When you choose a material for your shower walls, the amount of effort you're going to expend keeping it clean is one of the most important considerations, right up there with color and water resistance. Mold and mineral deposits are facts of life in the shower, and porous materials provide places for them to grow. The easiest materials to clean are smooth and have few hiding places for mold spores, but when you use your shower every day, not all materials remain that way indefinitely. Less expensive materials can scratch or crack, so don't forget to add "durable" to the equation.
When they are new, fiberglass and acrylic shower walls are nonporous and featureless, and any mold that grows is easy to wipe off. If you have hard water, your shower walls will tend to turn dingy and yellowed no matter what they're made of, but you can usually correct this easily by using a combination of vinegar and baking soda.
Avoid Silicone Caulk
If you can fit one into your bathroom, a one-piece fiberglass shower stall is probably the easiest of all types of shower surrounds to clean. Acrylic sheets are a poor substitute for an important reason -- the edges must be finished with silicone caulk, and that material is a magnet for mold. Once it develops on the edges of the caulk or behind it, the blackening is virtually impossible to remove without replacing the caulk, and it mars the appearance of the stall, no matter how clean you keep the walls.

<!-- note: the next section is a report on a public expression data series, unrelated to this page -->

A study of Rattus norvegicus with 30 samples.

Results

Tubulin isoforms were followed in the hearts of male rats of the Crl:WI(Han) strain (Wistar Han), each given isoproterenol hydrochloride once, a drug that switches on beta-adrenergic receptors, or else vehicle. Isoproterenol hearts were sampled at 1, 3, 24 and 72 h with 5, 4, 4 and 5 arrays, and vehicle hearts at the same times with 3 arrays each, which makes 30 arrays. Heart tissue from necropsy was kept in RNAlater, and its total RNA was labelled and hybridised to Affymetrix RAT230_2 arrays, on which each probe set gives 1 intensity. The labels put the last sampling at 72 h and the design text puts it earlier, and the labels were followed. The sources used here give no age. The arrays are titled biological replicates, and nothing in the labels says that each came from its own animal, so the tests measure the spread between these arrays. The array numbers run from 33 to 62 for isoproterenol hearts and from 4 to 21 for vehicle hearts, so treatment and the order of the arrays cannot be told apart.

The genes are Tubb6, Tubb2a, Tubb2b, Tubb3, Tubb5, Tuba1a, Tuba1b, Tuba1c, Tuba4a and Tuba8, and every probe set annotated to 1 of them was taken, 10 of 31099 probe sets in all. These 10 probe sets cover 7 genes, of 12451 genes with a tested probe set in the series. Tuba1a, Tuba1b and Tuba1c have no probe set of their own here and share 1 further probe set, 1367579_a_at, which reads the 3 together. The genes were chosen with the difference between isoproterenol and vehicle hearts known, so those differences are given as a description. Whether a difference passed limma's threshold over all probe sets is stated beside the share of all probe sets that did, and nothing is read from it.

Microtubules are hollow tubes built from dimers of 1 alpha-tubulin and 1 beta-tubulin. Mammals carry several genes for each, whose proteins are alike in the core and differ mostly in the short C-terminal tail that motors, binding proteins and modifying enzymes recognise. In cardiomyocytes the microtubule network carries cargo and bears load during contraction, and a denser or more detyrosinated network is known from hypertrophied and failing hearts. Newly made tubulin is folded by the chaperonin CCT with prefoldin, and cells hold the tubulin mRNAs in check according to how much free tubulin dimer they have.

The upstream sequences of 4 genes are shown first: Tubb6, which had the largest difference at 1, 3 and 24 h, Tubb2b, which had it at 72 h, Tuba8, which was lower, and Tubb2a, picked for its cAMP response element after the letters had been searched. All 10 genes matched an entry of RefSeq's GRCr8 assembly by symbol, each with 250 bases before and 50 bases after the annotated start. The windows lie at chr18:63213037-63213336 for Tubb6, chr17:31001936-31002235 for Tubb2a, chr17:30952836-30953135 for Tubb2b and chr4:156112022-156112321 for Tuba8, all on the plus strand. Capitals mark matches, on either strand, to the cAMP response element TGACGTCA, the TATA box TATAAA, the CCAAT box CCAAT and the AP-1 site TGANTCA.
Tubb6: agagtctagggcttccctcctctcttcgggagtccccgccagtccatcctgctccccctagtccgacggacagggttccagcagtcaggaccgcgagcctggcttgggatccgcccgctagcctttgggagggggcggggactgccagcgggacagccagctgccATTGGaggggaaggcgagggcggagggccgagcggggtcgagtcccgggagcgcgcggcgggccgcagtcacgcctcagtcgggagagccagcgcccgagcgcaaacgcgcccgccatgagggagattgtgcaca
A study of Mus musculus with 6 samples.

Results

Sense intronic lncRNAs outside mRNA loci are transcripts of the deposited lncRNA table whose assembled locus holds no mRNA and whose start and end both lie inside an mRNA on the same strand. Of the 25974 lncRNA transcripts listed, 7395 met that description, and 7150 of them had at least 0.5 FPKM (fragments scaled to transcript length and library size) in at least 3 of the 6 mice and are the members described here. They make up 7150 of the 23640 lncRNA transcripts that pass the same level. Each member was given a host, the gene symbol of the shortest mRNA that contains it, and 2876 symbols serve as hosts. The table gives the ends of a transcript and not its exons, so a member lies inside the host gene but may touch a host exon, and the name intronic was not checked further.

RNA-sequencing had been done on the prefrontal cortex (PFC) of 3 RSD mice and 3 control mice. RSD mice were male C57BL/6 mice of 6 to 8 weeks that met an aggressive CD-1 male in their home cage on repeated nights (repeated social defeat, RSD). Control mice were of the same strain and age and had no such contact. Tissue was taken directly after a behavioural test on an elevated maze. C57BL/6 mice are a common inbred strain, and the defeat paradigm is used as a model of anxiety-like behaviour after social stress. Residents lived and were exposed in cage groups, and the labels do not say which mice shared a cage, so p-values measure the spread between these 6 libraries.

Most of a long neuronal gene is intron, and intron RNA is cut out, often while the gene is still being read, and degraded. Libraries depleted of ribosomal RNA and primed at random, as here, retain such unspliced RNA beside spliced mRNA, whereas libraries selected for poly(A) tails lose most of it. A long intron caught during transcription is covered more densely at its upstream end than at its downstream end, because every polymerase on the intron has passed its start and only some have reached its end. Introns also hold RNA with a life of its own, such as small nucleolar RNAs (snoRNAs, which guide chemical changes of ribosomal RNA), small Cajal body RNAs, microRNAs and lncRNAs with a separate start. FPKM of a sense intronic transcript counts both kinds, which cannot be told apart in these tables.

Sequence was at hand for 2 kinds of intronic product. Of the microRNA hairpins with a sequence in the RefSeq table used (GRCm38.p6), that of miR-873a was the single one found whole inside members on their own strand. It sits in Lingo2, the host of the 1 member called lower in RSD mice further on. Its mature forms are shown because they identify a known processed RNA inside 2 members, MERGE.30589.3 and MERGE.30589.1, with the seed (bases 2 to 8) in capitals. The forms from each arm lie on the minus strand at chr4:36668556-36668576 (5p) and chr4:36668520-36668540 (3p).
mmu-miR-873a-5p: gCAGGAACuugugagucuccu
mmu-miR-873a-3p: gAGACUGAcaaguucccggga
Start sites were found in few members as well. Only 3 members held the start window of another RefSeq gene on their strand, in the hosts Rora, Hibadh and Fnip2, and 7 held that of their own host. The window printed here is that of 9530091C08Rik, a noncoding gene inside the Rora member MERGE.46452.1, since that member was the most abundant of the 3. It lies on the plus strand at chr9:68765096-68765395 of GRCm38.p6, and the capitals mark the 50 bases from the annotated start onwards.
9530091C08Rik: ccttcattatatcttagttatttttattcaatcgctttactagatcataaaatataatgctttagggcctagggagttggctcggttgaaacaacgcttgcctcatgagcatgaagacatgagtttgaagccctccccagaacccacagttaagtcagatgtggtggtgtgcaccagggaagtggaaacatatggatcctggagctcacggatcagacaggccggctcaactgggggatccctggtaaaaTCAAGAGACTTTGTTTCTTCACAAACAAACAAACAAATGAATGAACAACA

Like ceramic tiles, porcelain ones are manufactured from fired clay, but because the clay is finer and the glaze is fired at high temperatures, they are less porous than ceramic, and that makes them better candidates for the inside of the shower. You can keep them mold-free with an occasional treatment with bleach and baking soda, and when it comes to removing mineral deposits, plain old vinegar does the job. Their hardness also makes porcelain tiles one of the most water-resistant of shower stall materials, but any tiled wall has a potential weakness when it comes to cleaning, and that's the material between the tile joints.
Is Grout a Problem?
Technically, grout is a porous material, which means that mold and minerals can collect on it and make cleaning a headache. In one contractor's opinion, though, grout wrongfully gets a bad rap when it comes to cleaning. Properly sealing the grout when installing the tiles reduces its porosity dramatically, and contrary to many expectations, vigorous scrubbing isn't necessary. In fact, according to this contractor, wider grout joints are easier to clean than narrow ones. Despite this assurance, it's best to limit the amount of grout by opting for the largest tiles suitable for your bathroom.
Substitutes for Stone
If you're worried about cleaning, natural stone is wall covering to avoid; granite, marble and other types of stone are all porous and quickly become streaked with mineral deposits. You can get the look of stone without all the cleaning problems by choosing a composite material instead. A variety of products duplicate the look of stone while being completely mold and mildew resistant and, as an added bonus, can be glued directly over your existing shower walls. Many of these products have the same weakness as acrylic panels, though, and that is that you must seal the edges with silicone caulk. Some products come with form-fitting trim pieces that help avoid this problem.
Chris Deziel is a contractor, builder and general fix-it pro who has been active in the construction trades for 40 years. He has degrees in science and humanities and years of teaching experience. An avid craftsman and musician, Deziel began writing on home improvement topics in 2010. He worked as an expert consultant with eHow Now and Pro Referral -- a Home Depot site. A DIYer by nature, Deziel regularly shares tips and tricks for a better home and garden at Hunker.com.